The top 8 new OpenStack tutorials
8 new tips for getting things done with OpenStack
Want to get more done with OpenStack? We've got you covered.
We've put together some of the best how-tos, guides, tutorials, and tips published over the past month into this handy collection. And if you need more help, the official documentation for OpenStack is always a great place to turn.
- Our first guide this month takes you through, in two parts, how to configure guest CPU topology in OpenStack. A new feature of the Juno release, CPU topology essentially allows you to express the sockets, cores per socket, and threads per core that each guest virtual machine has access to.
- Up next, a look at some considerations when splitting a Swift cluster. In order to replicate data across multiple locations, you'll want to proceed carefully to prepare properly, monitor the transfer, ensure date integrity, and limit the amount of data to be moved.
- Tim Bell takes us through some of the steps taken at CERN to allow for single sign-on through Kerberos within OpenStack, a feature which will hopefully make it to upstream OpenStack soon.
- Container orchestration and management have been a hot topic for a while now, and Kubernetes is one potential solution. Here's a look at how to set up a Kubernetes cluster on OpenStack with Heat.
- When working with OpenStack, sometimes the IP address of individual nodes change for a variety of reasons; how do you get OpenStack to recognize these changes? Symantec has a quick guide to changing the endpoint IP addresses after OpenStack installation with DevStack.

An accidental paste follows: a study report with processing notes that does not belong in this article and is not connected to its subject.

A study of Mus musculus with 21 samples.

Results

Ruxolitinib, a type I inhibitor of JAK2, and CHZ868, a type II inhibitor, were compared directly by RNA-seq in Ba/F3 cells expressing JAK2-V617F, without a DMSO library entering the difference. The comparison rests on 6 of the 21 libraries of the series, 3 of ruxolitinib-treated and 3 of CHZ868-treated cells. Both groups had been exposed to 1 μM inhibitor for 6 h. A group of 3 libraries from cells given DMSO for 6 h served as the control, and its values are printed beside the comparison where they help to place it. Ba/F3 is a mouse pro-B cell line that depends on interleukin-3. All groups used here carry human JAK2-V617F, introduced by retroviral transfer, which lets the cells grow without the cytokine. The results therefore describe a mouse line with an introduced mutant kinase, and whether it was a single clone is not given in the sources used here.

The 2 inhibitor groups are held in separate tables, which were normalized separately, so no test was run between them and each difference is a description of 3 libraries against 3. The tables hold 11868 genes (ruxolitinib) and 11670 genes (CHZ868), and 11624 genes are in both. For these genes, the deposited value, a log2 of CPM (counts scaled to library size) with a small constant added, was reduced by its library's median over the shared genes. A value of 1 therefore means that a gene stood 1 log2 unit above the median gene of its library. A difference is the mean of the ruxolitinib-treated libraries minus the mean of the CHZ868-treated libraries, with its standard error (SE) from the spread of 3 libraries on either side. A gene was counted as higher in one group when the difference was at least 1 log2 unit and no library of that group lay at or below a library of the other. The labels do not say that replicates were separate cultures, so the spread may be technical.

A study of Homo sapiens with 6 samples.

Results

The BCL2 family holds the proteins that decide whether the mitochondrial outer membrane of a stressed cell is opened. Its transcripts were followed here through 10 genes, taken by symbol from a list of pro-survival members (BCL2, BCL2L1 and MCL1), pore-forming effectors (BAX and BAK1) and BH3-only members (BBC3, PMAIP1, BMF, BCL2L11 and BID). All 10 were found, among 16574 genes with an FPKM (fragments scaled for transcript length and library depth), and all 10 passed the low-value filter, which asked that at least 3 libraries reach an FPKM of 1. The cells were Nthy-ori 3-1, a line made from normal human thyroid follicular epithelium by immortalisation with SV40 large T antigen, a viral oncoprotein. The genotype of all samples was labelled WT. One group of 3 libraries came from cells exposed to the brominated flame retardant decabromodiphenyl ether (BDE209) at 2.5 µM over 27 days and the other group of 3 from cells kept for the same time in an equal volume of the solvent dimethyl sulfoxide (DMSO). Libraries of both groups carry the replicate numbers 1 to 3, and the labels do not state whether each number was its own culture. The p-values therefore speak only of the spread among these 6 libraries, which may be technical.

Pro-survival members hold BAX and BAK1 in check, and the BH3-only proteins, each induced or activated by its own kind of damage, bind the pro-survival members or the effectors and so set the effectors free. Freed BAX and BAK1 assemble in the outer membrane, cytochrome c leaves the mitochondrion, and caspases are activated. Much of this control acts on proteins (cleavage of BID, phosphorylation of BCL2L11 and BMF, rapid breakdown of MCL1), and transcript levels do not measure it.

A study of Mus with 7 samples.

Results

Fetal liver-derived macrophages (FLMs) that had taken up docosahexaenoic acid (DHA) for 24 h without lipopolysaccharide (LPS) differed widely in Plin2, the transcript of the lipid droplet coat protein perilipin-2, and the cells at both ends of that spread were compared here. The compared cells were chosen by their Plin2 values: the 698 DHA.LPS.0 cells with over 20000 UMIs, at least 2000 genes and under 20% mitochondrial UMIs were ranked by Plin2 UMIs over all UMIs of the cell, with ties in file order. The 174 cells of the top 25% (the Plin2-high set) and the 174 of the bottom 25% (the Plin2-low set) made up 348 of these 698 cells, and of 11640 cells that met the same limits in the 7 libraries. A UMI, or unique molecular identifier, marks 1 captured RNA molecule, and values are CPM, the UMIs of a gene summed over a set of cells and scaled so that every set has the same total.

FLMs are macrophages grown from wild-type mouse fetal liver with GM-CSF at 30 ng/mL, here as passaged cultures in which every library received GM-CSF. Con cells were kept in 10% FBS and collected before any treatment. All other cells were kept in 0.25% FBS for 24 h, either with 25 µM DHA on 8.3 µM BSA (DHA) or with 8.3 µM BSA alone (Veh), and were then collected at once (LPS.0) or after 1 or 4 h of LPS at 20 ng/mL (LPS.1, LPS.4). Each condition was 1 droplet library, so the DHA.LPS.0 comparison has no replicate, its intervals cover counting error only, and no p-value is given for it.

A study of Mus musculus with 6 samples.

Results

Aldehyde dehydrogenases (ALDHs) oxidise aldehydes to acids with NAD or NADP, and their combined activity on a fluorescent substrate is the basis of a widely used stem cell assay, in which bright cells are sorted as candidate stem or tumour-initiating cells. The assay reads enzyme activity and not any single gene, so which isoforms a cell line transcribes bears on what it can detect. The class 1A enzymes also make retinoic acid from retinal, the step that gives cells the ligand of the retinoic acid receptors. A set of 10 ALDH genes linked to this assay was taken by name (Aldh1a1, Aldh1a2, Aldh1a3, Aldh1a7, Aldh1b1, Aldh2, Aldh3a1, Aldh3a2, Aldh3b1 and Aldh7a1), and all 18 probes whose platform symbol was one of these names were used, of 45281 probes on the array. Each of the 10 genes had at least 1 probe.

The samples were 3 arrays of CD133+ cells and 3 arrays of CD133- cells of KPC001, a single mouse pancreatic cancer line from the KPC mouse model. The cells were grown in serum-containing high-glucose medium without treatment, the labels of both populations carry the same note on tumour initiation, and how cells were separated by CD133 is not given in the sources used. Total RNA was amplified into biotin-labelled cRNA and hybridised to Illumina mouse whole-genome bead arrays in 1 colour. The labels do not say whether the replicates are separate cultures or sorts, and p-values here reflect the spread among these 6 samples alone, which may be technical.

- While there are lots of reasons you might want to put two virtual instances on the same host, perhaps for speeding up communications, there are plenty of reasons for separating them as well, like resiliency. Since Icehouse, OpenStack has had affinity and anti-affinity controls for enforcing these policies. Here's how to use them.
- Do you wish that allowing users to create public images in Glance was easy? Turns out, it is! Just a quick configuration change and a restart will get you going.
- Our final tip is a little trick for OpenStack developers who are on the road with less-than-ideal internet connections which only allow traffic along a few ports. Aaron Rosen found himself in the situation, and found a way to still be able to push patches to Gerrit over https. It's incredibly simple, but undoubtedly will make someone's life easier.
That's it for this month. Check out our past OpenStack tutorials collection for more great guides and hints. And if we missed your favorite new guide or resource, let us know in the comments!